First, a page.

The meaning behind Taylor Swift's mysterious Instagram snake videos has finally been revealed, but now there are more questions for fans anxiously awaiting the pop star's new album. First things first: When does Taylor Swift's Reputation album come out? It won't drop until November, unfortunately, but fans can expect to hear a sample of it much sooner than that. According to a flurry of Instagram posts shared on Wednesday afternoon by the singer herself, the album's scheduled to be released on Nov. 10, and the first single will arrive on Thursday night.
Fans knew something was up when Swift's website and social media accounts were scrubbed of all content on Friday, which just so happened to be the three-year anniversary of the day she announced her 1989 album and released the first single, "Shake it Off." On Monday, she shared a single post on both Twitter and Instagram: a twitchy clip of a snake's tail that looks like an outtake from The Ring. The snake's coiled middle followed on Tuesday, and on Wednesday morning, the head. Her website remained black, although some fans are claiming that it periodically switches to white, if you have literally nothing else to do besides stare at a blank screen.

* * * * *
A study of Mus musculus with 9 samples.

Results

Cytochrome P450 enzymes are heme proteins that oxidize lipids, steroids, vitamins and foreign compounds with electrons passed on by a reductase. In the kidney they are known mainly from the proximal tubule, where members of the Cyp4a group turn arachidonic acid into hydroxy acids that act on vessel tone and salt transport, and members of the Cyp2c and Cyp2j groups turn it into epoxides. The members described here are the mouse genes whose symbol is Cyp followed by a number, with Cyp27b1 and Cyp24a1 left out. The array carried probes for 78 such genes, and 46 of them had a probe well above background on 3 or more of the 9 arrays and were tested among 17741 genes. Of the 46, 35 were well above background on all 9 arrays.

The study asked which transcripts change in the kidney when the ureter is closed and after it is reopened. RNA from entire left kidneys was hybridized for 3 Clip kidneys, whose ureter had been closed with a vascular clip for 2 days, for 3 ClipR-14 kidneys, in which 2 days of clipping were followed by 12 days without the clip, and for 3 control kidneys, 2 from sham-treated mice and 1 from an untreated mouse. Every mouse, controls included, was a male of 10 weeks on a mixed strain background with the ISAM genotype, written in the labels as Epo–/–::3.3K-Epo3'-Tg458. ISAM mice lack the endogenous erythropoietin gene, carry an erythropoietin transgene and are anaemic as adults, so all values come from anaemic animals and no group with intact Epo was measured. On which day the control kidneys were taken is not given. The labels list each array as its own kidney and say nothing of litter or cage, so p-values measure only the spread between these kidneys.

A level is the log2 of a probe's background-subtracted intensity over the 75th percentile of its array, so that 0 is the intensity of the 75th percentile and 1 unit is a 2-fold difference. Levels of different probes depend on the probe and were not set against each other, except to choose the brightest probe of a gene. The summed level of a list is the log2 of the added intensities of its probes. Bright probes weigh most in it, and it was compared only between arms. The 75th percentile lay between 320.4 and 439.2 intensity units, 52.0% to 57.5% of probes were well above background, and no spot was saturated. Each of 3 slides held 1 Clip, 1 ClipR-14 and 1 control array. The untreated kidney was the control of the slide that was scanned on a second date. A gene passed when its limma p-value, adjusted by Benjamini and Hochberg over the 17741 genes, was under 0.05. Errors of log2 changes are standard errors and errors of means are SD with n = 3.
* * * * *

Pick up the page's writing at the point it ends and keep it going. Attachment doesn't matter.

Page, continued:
Finally, early Wednesday afternoon, Swift stopped driving her fans crazy and shared some actual information. "First single out tomorrow night," the initial post read. The second appears to be an album cover, and the third announced Reputation's fall release. No additional details were provided regarding the single, but rumor has it the title is "Timeless." This claim originated on the crowdsourced lyrics website, Genius, where a user created a page for "Timeless" and claimed that the title had been registered in Swift's name. However, that page no longer exists, and a quick search of the American Society of Composers, Authors and Publishers' database shows there's no Taylor Swift song by that name.
Fans have also been quick to point out that the website timeless.com bears the message, "Timeless Coming Soon," but in the absence of any supporting evidence, there's no reason to suspect that it has anything to do with Swift. The site was last updated on July 13, and it's registered through an anonymous proxy service. Of course, anything's possible; Swift may have created a website dedicated to one single song. She may have registered its title with ASCAP, and then demanded they remove it from the searchable database when some sneaky snake discovered it. But maybe fans would be better off just waiting patiently for the next 30-odd hours, because once that song is available, there's no doubt Swift will let them know.